Artemis extends excipient-free purple corn line

By staff reporter

- Last updated on GMT

Related tags Endothelium Nitric oxide

Artemis is launching a new excipient-free purple corn ingredient
standardised to 12 percent anthocyanins, extending the options for
companies developing antioxidant-based products.

Purple corn is a crop native to Peru, where it has been used since before the time of the Incas.

It is usually cultivated at 10,000 feet and although it can also be grown in the valleys it is thought that the higher altitudes play a part in its vivid purple color.

Artemis already has two other purple corn products in its portfolio, standardised to 7.5 percent and 11 percent anthocyanins.

It says these are "obtained by aqueous extraction followed by a process of concentration, and spray dried" .

Marketing manager Leslie Gallo said that this adds to the options for customers who choose to formulate without maltodextrin or other carrier ingredient.

Purple corn market Gallo added that the company is seeing "increased interest" in purple corn products.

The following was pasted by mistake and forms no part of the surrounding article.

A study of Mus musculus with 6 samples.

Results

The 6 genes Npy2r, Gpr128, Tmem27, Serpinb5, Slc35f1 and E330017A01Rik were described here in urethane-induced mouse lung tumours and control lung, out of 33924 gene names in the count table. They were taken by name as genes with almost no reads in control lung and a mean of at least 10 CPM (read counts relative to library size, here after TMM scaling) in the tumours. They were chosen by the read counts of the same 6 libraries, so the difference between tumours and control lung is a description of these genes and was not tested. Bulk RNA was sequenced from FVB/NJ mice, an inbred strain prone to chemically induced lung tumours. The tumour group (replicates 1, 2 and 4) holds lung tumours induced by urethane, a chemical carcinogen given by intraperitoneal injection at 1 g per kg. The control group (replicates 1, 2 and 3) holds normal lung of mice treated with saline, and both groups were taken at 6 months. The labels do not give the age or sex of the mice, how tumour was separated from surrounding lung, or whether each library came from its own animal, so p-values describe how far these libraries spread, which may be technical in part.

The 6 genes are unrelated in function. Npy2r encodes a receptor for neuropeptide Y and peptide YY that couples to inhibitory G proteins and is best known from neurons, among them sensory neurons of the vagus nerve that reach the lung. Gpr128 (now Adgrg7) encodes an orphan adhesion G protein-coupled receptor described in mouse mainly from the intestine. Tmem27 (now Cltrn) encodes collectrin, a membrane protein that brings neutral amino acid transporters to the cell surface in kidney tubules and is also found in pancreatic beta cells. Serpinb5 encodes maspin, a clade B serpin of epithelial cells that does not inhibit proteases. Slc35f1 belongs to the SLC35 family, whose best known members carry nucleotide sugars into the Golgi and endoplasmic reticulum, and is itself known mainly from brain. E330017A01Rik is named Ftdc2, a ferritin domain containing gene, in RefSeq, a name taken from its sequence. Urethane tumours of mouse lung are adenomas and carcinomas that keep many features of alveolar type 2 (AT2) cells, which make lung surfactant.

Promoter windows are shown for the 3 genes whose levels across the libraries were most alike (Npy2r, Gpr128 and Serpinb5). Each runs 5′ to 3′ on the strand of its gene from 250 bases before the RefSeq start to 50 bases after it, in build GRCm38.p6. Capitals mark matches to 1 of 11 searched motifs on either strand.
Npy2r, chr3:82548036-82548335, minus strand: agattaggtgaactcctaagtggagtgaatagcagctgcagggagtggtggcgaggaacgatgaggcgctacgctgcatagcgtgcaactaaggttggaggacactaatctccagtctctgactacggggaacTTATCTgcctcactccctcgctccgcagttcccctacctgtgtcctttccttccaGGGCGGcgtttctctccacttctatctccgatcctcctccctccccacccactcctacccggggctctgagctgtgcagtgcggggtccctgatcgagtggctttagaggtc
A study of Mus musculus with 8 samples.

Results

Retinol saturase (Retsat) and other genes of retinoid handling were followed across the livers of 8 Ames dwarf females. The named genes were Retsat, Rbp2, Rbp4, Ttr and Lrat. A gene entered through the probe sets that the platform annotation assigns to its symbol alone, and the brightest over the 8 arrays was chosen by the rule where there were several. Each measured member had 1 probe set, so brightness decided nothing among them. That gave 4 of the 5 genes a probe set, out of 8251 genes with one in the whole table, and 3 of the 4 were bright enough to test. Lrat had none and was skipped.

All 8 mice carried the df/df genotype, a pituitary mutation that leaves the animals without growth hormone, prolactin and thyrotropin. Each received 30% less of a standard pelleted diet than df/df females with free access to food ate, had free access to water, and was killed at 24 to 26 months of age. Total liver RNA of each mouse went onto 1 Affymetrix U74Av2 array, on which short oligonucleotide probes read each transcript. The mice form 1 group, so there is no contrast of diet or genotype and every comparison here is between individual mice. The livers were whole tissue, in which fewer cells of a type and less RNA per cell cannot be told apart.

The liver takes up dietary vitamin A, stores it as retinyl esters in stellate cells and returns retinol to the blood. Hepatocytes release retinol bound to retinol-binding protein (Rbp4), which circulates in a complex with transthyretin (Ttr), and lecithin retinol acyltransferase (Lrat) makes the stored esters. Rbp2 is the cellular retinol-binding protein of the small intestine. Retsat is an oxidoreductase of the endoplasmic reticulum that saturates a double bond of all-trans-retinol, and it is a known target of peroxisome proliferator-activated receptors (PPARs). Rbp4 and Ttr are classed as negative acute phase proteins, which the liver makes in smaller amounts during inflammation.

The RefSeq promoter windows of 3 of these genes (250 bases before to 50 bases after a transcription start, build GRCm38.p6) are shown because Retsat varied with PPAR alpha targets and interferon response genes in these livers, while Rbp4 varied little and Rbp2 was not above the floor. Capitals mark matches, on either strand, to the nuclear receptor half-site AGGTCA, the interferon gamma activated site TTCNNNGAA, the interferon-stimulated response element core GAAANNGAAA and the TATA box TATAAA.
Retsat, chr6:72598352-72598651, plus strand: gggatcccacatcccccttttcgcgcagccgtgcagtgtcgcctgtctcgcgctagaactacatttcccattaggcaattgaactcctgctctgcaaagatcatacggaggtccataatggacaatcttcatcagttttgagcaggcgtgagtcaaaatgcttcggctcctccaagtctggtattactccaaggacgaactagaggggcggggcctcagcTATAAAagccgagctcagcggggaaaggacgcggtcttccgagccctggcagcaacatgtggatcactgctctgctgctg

Not only can they be used in products marketed on a healthy platform, but they can also provide a break from run-of-the-mill flavours for shakes and similar products.

In addition, Artemis says purple corn can also be a "great natural colorant" .

Science Artemis says that the most abundant of the anthocyanins found in purple corn is cyanidin-3-glucoside.

The company cited several pieces of research that suggest beneficial health benefits provided by purple corn and cyanidin-3-glucoside.

For instance, it says research into the efficacy of purple corn to help combat colorectal cancer is "promising", since in a study using mice with colorectal carcinomas, lesions were seen to significantly decrease (Hagiwara et al, 2001).

The anthocyanin was seen to increase endothelial nitric oxide synthase production, which in turn relax vascular endothelial cells and, indirectly, affect blood pressure (Xu et al, 2004).

Cyanidin-3-glucoside from purple corn was also investigated as part of an obesity study using mice, to determine its potential as an anti-obesity and anti-diabetic agent.

In animals given the anthocyanin, levels of adipocytokines like adiponectin and leptin - proteins that are markets of glucose homeostasis in the blood - were seen to increase.

(Tsuda et al 2004).

Marketing with Linnea The new ingredient - as with the rest of Artemis' berry extracts and PhytoSolutions formulations - will be co-marketed in the United States through its partnership with Linnea.

The two companies, both of which have a base in berry ingredients, signed their partnership agreement one year ago, with a view to extending distribution of their products in North America and the rest of the world.